By Cicely Andree Conway
Time is a healer. So is distance, space. We recently took our first long trip away from home since her birth three months ago. Time and distance from our house, from our life, were gifts. I noticed how stressed and anxious I have been these past months.
Motherhood is hard in every way. It pushes, it exhausts, it pulls on my body and soul. It’s the hardest exam I will ever take.
Being in it for the first time has felt like being pulled into a strong current. I am caught in it. Every day, every hour, every minute is occupied with trying to stay afloat—to stay sane, to stay healthy, to stay balanced—to stay present with myself, my partner, my daughter.
I find this ironic because I have pursued a profession that is focused on presence. Yoga, acupuncture, massage, qigong are all centered around the concept of mindfulness. Mindfulness is practicing being in the moment, becoming present. Presence is the state where body, mind, and spirit converge in a place of incredible stillness and expansion. It feels soft and wide. It feels like the best homecoming one could imagine.
When sitting in meditation, practicing yoga or inserting a needle into a patient, I strive for presence. I use mindfulness as a path toward presence.
True presence is profound and powerful. It is bigger than anything the human race can build, buy or control. True presence is Holy. It brings people to their knees, to tears, to their hearts. It is what I strive for with myself, my students, my patients, and in my life.
In a way, it was easier to model this presence pre-child. It was easier to look put together in an outfit that matched and was clean, to arrive at a yoga class early enough to stretch and appear meditative. It was easier to model presence with a friend as we sat over coffee for an hour or more, making eye contact, listening, sharing, connecting. It was easier to model presence with my partner when we had dates and drinks and hikes together. But until motherhood, I am not really sure I was modeling presence. Instead, I think I was touching it lightly here and there, claiming I lived in it when really I was an occasional visitor.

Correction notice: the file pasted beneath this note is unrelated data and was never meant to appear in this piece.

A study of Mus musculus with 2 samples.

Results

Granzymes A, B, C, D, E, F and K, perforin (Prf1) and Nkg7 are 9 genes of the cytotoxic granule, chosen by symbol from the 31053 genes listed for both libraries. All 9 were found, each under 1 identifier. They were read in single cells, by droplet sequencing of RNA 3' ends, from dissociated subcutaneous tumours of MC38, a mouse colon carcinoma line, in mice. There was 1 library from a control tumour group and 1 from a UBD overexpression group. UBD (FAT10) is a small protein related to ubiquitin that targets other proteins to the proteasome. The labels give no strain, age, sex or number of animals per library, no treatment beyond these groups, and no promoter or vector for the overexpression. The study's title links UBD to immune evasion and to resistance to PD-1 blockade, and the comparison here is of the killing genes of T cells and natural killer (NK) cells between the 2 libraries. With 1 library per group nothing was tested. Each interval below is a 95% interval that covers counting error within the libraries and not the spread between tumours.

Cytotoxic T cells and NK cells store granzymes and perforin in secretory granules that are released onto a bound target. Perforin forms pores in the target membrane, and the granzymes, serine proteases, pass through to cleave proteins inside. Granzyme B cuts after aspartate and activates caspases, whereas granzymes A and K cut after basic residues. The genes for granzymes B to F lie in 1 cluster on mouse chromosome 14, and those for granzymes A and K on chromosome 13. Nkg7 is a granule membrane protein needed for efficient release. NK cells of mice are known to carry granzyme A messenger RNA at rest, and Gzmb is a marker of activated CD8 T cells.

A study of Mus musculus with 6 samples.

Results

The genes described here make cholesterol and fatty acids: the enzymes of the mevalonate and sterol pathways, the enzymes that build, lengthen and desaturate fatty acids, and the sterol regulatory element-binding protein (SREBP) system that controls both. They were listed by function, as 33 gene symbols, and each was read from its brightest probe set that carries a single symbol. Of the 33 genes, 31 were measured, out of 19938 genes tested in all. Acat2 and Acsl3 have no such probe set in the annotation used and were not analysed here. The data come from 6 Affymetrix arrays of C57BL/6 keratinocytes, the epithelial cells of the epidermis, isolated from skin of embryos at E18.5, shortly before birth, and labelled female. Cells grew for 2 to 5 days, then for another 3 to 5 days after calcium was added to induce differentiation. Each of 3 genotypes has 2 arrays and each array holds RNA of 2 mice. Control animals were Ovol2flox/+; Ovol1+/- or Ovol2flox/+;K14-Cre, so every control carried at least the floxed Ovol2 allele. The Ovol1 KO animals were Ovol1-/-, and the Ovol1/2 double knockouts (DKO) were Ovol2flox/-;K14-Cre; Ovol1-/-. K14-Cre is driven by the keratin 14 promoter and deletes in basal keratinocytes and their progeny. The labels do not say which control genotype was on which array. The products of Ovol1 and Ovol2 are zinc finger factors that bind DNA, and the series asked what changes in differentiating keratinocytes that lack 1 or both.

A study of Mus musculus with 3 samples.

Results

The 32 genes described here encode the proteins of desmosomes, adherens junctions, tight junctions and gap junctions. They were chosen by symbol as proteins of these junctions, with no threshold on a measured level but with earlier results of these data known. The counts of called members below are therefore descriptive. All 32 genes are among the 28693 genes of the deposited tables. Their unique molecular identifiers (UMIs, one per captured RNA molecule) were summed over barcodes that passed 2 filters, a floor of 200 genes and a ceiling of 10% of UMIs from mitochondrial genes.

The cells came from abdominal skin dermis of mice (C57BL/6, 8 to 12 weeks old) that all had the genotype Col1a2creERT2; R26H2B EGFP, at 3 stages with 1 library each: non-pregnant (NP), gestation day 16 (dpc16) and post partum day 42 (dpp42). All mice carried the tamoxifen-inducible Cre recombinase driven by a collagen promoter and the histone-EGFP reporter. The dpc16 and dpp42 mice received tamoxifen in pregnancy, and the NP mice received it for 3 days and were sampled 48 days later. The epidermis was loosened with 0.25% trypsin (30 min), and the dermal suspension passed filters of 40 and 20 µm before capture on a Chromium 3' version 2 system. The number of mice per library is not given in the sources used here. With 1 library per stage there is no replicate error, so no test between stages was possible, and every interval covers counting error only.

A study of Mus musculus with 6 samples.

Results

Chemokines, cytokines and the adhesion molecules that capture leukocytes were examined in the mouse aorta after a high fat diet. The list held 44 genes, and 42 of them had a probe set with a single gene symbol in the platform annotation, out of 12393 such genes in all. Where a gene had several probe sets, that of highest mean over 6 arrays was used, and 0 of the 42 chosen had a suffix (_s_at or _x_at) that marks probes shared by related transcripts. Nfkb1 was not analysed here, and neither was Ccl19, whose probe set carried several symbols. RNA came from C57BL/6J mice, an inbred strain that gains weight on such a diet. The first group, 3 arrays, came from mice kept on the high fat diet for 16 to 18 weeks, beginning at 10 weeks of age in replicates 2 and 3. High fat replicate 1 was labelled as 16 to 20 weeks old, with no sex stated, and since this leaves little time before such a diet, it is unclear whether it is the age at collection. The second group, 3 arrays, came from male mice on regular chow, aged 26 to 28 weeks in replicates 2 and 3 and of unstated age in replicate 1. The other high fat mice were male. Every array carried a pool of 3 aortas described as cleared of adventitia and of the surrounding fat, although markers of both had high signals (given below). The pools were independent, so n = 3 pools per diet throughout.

Before motherhood, I was absorbed in acting or modeling what I thought I should model. It was easy to sit in front of a yoga class or converse with a patient about the importance of slowing down for their health. I had such a massive amount of time to do all of the things that I wanted to do; time and slowing down were easy. I could dip in and out of presence; I could shop, I could sit, I could practice yoga, I could call my great aunt in California. All the while, mindfulness and presence were waiting in the background like an old friend—all I had to do was call.
Now I have to be selective. What will really nourish me? Is it more important that I take a shower, or get to a yoga class? I crave opportunities to practice mindfulness. I don’t have the energy nor time to act perfectly all the time—and in that there is a new kind of presence.
It is a presence of authenticity; a bareness.
There is no sitting perfectly in a meditative posture while listening to a friend’s life updates. There is, “Can I be truly present with my friend for three minutes while I hold my child in my arms?”
There is also no epic date night with my partner, with enough time to catch up on small talk, laugh, address the “heavy hitter topics” and wrap up with a nice candle lit evening in bed. There is, “Can I stand in the kitchen in my pajamas at 10pm, exhausted, bring my whole being into the room, and really listen to him share his struggles? Can I ignore my desire to achieve something tangible and follow the intangible, follow what I know to be true, which is the value of emotionally showing up for my partner when he needs me?” These are examples of my new mindfulness practice.
My new mindfulness practice looks disheveled on the outside but is deep and rich on the inside. It is awkward at times. My new mindfulness practice won’t make it on the cover of Yoga Journal, or into a beautiful picture on Facebook, but it will anchor me when life gets really hard, or when I see that patient who is going through something so big I can’t even conceive of how to help them. Practicing true presence when it is inconvenient and unplanned will carry me then. In that there will be beauty.
So I need to remember to show up for myself when I need it most; when my heart is racing and my stomach is churning and my breath feels choppy and fragmented instead of moving through my body like a river.
I need to remember that mindfulness is a choice; a hard one. I can choose it at any time. It is always there for me, waiting. If I choose it, the sweet gift of presence will be there, and it will feel like a wide open sky, lifting my mind, soothing my heart and reconnecting my breath with my body, leaving me in awe of this life I live.